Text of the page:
Urban & Rural Settlements


(Social Structures, Infrastructural Systems, Settlement Patterns, Land Use and Buildings)

This theme forms a core research activity within the School, addressing the processes and outcomes of economic production and consumption, politics and governance, technological innovation and cultural diversity in both urban and rural areas, and at a variety of scales. It includes research into community and societal structures, historic and contemporary land use and settlement patterns, infrastructural systems design and urban design.

Associated Staff:

  • Funding: The Heritage Council, Irish Design 2015 and Mayo County Council.

In September 2015, a two-day workshop was organised to explore the long-term alternative spatial strategy for the village of Mulranny, County Mayo and its surrounding landscape. The Mulranny Geodesign Workshop – part of an ongoing collaboration between UCD School of Architecture, Planning and Environmental Policy (APEP) and Mulranny Community Futures, and facilitated by Prof. Carl Steinitz and Hrishi Ballal – piloted a locally led design approach to the built environment, landscape and coastal interfaces of Mulranny, using the Geodesign Framework.

It was the first application of geodesign in Ireland. Teams comprising community stakeholders, professional and academic designers and government agency experts worked collaboratively using an online design platform under ten pre-identified themes.

  • PI: Dr. Harutyun Shahumyan
  • Funding: EU Framework (FP7) Marie Curie
  • Call: People – Marie Curie Actions: International Outgoing Fellowships for Career Development (FP7-PEOPLE-2013-IOF)
  • Start Date: 01-AUG-14
  • End Date: 31-JUL-17
  • Website: geosinpo.shahumyan.org

The project looks to emerging techniques centred on the development of Spatial Decision Support Systems (SDSS) and the application of state of the art geospatial analytical tools. This project will apply different integrated modelling approaches in two study regions (1) Chesapeake Bay Watershed (CBW) in the US and (2) Greater Dublin Region in Ireland.

Strengths and weaknesses of each approach will are explored thoroughly; and the ways of complimenting each other are recommended, taking into consideration policy makers’ needs.


Policy makers are facing challenges of managing multifaceted urban and environmental systems influenced by global factors such as population growth, migration, recession, climate change as well as by local actors such as parties or companies who direct the development according to their own interest. Confronted with such complexity, decision makers need adequate tools to better understand and evaluate the effects of policy interventions in urban regions. Such pressure already led to the development of numerous models covering different discipline-specific areas. Nevertheless, the interconnected character of human and natural systems such as demographics, transportation, infrastructure, economics, land cover, climate, air and water requires an integrated approach in both decision making and modeling. However, it is an expensive and time-consuming task to develop a new model. Furthermore, a single model often cannot provide answers required for complex decision making based on multiple criteria. Coupling models are often applied to make use of existing models and analyze complex policy questions. The model coupling approach developed in scope of the GeoSInPo project aims to make integration of existing models easy, overcoming challenges such as differences in programming languages, unavailability of the source codes or licensing restrictions. The approach was successfully tested for Baltimore-Washington region coupling five independently developed models: Simple Integrated Land Use Orchestrator (SILO), Maryland Statewide Transport Model (MSTM), Building Emission Model (BEM), Mobile Emission Model (MEM), Chesapeake Bay Land Change Model (CBLCM). The integrated suite is now being applied to simulate four alternative scenarios of the region for 2040. The outputs include several socio-economic indicators, covering: population and employment, transport flow, land use, emission from cars and buildings, etc.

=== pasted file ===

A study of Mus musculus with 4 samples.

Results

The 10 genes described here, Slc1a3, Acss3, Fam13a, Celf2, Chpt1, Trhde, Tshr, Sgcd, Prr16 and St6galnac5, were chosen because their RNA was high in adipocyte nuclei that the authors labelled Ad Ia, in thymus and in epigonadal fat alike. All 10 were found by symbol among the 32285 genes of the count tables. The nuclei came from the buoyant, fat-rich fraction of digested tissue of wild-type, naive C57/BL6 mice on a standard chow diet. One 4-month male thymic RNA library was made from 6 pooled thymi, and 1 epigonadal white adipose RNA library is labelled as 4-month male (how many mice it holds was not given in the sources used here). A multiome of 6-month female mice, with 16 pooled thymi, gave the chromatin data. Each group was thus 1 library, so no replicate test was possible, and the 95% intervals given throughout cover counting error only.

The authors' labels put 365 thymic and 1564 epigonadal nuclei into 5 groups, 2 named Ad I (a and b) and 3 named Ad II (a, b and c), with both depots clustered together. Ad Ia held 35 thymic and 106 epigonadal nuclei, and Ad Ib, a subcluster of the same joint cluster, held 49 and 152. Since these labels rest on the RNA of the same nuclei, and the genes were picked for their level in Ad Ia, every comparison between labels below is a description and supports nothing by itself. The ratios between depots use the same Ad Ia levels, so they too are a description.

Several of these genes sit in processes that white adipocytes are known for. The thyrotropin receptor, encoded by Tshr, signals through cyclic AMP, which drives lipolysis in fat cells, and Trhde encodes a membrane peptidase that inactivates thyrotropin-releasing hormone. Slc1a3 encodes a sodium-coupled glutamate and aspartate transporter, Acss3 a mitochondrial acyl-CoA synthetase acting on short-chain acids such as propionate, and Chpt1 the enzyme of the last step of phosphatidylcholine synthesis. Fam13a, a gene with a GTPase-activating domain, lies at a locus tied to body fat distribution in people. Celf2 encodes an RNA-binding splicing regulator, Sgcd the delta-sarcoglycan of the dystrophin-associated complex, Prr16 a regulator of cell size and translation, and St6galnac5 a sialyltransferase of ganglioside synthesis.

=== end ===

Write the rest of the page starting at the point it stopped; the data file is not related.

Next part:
The results in more details and the relevant publications can be found in the project website at geosinpo.shahumyan.org.

The Eco-Health project is working to provide an evidence-base for understanding the health benefits from high quality green space. 
The primary objective of Eco-Health is the development of robust, evidence-based and publicly acceptable policies and design interventions for public green spaces, both urban and rural. To address this, the project is: 
  • supplying an evidence-base to establish the links between green space and health
  • providing a benchmark study of national practice for developing health promoting environments
  • undertaking applied local case study research to understand the interactions between green space and health and to feed directly into local policy development
  • mobilising this knowledge in developing innovative guidance, health impact/proofing tool-kits and developing evidence-informed design exemplars for health promoting green space.
For further information and to keep up-to-date with Eco-Health, go to the dedicated project website for regular blog, news and research updates, or follow Eco-Health on Twitter.